Front Page Titles (by Subject) Want of Coincidence in Barter. - Money and the Mechanism of Exchange
Money and the Mechanism of Exchange (New York: D. Appleton and Co. 1876).
The first difficulty in barter is to find two persons whose disposable possessions mutually suit each other's wants. There may be many people wanting, and many possessing those things wanted; but to allow of an act of barter, there must be a double coincidence, which will rarely happen. A hunter having returned from a successful chase has plenty of game, and may want arms and ammunition to renew the chase. But those who have arms may happen to be well supplied with game, so that no direct exchange is possible. In civilized society the owner of a house may find it unsuitable, and may have his eye upon another house exactly fitted to his needs. But even if the owner of this second house wishes to part with it at all, it is exceedingly unlikely that he will exactly reciprocate the feelings of the first owner, and wish to barter houses. Sellers and purchasers can only be made to fit by the use of some commodity, some marchandise banale, as the French call it, which all are willing to receive for a time, so that what is obtained by sale in one case, may be used in purchase in another. This common commodity is called a medium, of exchange, because it forms a third or intermediate term in all acts of commerce.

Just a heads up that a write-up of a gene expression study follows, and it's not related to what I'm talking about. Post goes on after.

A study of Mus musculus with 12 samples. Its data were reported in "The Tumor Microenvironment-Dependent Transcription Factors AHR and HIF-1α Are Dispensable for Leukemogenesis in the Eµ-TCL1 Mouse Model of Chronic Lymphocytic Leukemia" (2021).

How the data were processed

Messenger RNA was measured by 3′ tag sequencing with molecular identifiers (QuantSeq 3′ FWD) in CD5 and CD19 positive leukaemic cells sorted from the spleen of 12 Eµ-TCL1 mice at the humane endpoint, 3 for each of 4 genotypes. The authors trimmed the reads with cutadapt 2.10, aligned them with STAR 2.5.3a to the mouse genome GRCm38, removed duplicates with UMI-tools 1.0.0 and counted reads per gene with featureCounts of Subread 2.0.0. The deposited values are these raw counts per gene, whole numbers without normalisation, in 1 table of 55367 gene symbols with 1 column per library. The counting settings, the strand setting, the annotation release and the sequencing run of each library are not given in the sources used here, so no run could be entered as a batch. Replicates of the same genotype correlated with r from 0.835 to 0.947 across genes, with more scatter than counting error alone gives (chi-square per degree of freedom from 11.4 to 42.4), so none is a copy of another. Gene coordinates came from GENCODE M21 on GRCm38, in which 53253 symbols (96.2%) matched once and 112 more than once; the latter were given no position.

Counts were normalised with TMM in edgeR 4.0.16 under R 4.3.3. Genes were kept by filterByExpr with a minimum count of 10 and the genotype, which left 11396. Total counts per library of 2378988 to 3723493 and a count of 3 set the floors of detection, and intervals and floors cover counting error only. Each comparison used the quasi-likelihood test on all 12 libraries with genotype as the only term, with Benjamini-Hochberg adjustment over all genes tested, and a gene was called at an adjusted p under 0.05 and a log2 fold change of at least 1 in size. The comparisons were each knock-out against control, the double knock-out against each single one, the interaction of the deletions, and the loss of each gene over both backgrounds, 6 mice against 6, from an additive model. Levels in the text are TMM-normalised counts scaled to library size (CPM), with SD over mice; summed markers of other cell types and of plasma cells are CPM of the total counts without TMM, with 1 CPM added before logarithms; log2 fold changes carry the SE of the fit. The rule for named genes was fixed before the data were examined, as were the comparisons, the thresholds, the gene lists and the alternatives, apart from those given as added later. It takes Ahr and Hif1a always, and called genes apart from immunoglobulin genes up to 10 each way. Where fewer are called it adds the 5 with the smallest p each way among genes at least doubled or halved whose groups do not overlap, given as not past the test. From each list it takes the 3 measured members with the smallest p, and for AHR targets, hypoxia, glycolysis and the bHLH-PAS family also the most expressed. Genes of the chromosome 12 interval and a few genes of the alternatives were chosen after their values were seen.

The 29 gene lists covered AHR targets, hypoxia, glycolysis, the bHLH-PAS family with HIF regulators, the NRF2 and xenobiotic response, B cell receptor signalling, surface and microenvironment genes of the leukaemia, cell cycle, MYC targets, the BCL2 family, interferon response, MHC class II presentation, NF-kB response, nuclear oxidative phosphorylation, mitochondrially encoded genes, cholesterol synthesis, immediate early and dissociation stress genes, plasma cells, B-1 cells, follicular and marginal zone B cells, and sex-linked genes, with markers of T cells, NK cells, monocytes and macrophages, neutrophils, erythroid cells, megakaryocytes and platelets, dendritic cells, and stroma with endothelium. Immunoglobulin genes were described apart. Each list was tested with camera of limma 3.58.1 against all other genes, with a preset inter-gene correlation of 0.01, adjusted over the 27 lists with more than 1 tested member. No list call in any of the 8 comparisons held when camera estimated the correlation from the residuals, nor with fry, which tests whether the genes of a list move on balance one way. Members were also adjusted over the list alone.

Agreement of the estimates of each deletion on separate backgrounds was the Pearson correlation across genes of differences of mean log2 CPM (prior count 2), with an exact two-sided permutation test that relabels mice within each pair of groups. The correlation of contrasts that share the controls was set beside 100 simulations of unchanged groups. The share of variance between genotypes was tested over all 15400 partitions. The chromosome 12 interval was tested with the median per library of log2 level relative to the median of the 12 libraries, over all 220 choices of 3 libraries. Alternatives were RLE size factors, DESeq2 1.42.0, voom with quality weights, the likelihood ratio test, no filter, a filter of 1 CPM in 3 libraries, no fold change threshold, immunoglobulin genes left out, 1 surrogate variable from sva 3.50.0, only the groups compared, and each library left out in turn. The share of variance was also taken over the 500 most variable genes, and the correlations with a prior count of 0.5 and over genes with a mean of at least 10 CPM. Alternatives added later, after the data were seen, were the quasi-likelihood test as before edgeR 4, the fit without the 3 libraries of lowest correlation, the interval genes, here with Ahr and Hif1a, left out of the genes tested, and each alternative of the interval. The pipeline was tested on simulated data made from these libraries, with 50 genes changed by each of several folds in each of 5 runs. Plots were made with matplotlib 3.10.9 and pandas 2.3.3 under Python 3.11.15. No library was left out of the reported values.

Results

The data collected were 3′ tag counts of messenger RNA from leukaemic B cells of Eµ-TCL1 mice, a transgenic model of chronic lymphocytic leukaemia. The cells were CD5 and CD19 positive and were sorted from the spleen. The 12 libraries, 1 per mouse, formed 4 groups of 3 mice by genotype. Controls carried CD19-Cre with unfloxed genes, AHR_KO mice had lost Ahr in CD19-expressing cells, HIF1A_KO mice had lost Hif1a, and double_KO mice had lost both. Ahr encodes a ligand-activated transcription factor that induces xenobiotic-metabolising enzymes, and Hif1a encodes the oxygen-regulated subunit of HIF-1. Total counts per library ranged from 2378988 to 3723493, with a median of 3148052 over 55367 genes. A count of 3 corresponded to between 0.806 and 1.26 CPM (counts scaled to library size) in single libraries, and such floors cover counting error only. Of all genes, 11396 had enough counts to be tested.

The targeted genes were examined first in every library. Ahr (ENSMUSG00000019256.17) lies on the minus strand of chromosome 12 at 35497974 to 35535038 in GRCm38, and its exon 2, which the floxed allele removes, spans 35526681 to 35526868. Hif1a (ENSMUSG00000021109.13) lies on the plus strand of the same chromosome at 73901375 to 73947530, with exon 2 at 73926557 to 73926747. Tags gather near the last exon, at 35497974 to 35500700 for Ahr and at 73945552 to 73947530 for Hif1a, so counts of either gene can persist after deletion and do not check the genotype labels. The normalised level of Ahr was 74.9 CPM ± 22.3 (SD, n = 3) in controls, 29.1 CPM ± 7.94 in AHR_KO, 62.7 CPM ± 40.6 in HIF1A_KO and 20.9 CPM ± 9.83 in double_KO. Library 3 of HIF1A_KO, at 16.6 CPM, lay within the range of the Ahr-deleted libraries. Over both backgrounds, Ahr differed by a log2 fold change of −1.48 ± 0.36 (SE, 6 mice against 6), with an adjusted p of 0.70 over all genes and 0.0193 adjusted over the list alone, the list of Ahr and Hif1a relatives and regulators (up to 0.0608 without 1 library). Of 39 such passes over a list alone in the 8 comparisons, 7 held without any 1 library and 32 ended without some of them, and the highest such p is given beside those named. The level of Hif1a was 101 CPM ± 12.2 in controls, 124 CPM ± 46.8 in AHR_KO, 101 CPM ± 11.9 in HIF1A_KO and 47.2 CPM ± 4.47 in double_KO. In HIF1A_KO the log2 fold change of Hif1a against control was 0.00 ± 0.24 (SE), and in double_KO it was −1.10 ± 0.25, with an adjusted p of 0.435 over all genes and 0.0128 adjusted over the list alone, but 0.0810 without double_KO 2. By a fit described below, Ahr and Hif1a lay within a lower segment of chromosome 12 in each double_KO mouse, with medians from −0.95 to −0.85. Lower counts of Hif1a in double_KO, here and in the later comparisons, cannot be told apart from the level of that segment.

Within the last few years a curious attempt has been made to revive the practice of barter by the circulation of advertisements. The Exchange and Mart is a newspaper which devotes itself to making known all the odd property which its advertisers are willing to give for some coveted article. One person has some old coins and a bicycle, and wants to barter them for a good concertina. A young lady desires to possess "Middlemarch," and offers a variety of old songs of which she has become tired. Judging from the size and circulation of the paper, and the way in which its scheme has been imitated by some other weekly papers, we must assume that the offers are sometimes accepted, and that the printing press can bring about, in some degree, the double coincidence necessary to an act of barter.